South Korean automaker Hyundai announced it is recalling 129,000 vehicles in the U.S. to resolve an issue that increases the risk of a fire.
The action covers a variety of 2015-2016 Veloster, 2012 Santa Fe, 2011-2013 Sonata Hybrid, and 2016 Sonata Hybrid vehicles.
The problem centers on connecting rod bearings inside the engine that can wear prematurely. Over time the worn bearings can damage the engine, raising the potential for a fire. The company said dealers will inspect the affected vehicles, at no cost to the owner, and if bearing damage is found, the engine will be replaced, the National Highway Traffic Safety Administration said.
Additionally, Hyundai said that all the recalled vehicles will also receive an enhanced engine control software update containing a new Knock Sensor Detection System that monitors engine vibrations for unusual patterns potentially indicating an abnormal condition with the engine — like a damaged connecting rod bearing.
Hyundai’s engines have been problematic. Last week, Hyundai and Kia Motors agreed to a record $210 million civil penalty. The fine came because the company failed to recall 1.6 million vehicles for engine issues in a timely fashion, regulators said. NHTSA said the two affiliated Korean automakers agreed to consent orders after it said they had inaccurately reported some information to the agency regarding the recalls.
The company agreed to a total penalty of $140 million, which included a payment of $54 million the company already made. Also, Hyundai committed to spend $40 million on safety performance measures, plus an additional $46 million deferred penalty if it does not meet requirements. The settlement covered recalls in 2015 and 2017 for manufacturing issues that could lead to bearing wear and engine failure. The vehicles in the recall include 2011-2014 Sonata and 2013-2014 Santa Fe Sport vehicles.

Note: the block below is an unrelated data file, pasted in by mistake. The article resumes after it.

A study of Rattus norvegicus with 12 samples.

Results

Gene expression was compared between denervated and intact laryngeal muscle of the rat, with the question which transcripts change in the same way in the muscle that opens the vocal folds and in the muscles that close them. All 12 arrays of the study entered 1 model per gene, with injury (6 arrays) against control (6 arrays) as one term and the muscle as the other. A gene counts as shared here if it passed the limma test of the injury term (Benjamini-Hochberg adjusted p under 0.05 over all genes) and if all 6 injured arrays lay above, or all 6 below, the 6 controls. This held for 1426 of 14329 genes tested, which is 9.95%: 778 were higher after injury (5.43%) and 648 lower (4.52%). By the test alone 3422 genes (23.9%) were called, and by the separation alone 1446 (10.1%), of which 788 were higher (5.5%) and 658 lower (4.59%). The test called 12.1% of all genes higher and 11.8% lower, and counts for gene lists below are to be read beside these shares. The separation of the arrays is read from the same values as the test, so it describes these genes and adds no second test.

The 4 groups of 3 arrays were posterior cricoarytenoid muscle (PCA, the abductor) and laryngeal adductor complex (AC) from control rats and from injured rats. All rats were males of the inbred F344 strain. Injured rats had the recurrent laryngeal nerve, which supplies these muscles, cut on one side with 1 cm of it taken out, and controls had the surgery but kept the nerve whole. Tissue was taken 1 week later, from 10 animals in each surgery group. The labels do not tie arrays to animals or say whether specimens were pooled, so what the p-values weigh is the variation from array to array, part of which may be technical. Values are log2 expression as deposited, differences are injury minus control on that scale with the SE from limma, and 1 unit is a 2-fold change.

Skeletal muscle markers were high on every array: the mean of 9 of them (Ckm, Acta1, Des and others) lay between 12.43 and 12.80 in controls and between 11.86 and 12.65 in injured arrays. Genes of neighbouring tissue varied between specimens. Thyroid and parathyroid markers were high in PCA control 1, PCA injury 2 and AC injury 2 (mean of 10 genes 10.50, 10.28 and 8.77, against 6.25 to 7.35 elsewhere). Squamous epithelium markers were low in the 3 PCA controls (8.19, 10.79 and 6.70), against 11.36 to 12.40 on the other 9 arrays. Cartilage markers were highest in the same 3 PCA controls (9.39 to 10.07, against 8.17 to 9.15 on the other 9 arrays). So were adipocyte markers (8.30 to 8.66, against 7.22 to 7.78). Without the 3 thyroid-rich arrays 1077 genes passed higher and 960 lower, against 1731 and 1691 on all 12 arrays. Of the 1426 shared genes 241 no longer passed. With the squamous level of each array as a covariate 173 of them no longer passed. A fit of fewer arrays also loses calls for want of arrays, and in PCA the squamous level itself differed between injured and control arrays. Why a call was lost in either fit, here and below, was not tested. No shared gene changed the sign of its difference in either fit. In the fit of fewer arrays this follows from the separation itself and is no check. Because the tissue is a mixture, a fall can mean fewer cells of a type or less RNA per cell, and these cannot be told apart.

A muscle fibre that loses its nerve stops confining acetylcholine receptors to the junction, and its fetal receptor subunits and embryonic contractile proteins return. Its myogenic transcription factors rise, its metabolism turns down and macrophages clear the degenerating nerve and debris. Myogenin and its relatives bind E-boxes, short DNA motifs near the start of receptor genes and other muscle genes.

Two years ago, U.S. owners of select Hyundai and Kia models sued the automakers in the U.S. trying to resolve a possible defected that may cause some engines to catch fire. The more than 350 complaints filed by vehicle owners with NHTSA constitutes “concealment of the defect,” according to the class-action suit filed in U.S. District Court for the Central District Court of California by Seattle-based law firm Hagens Berman.
The fires occurred for some time but were difficult to separate from fires that occurred as a result of a crash and those that happened before or after a crash. In Florida, more than 400 fires were reported, but just 120 of those fit the description for the lawsuit.
Safety investigators began looking to the problem as a result of those fires and discovered it could be a much bigger problem. NHTSA started probing the timeliness and scope of the carmakers’ recalls related to manufacturing errors in “Theta II” engines, while the U.S. Attorney’s Office for the Southern District of New York opened a criminal investigation into the matter, according to a Reuters report.
Ultimately, Hyundai and Kia have recalled 1.6 million U.S.-made vehicles produced from 2011 and 2014 for engine problems. The customers’ lawsuit argues that a defect restricts oil flow to core engine parts, causing premature wear and failure and eventually resulting in engine seizure and fire.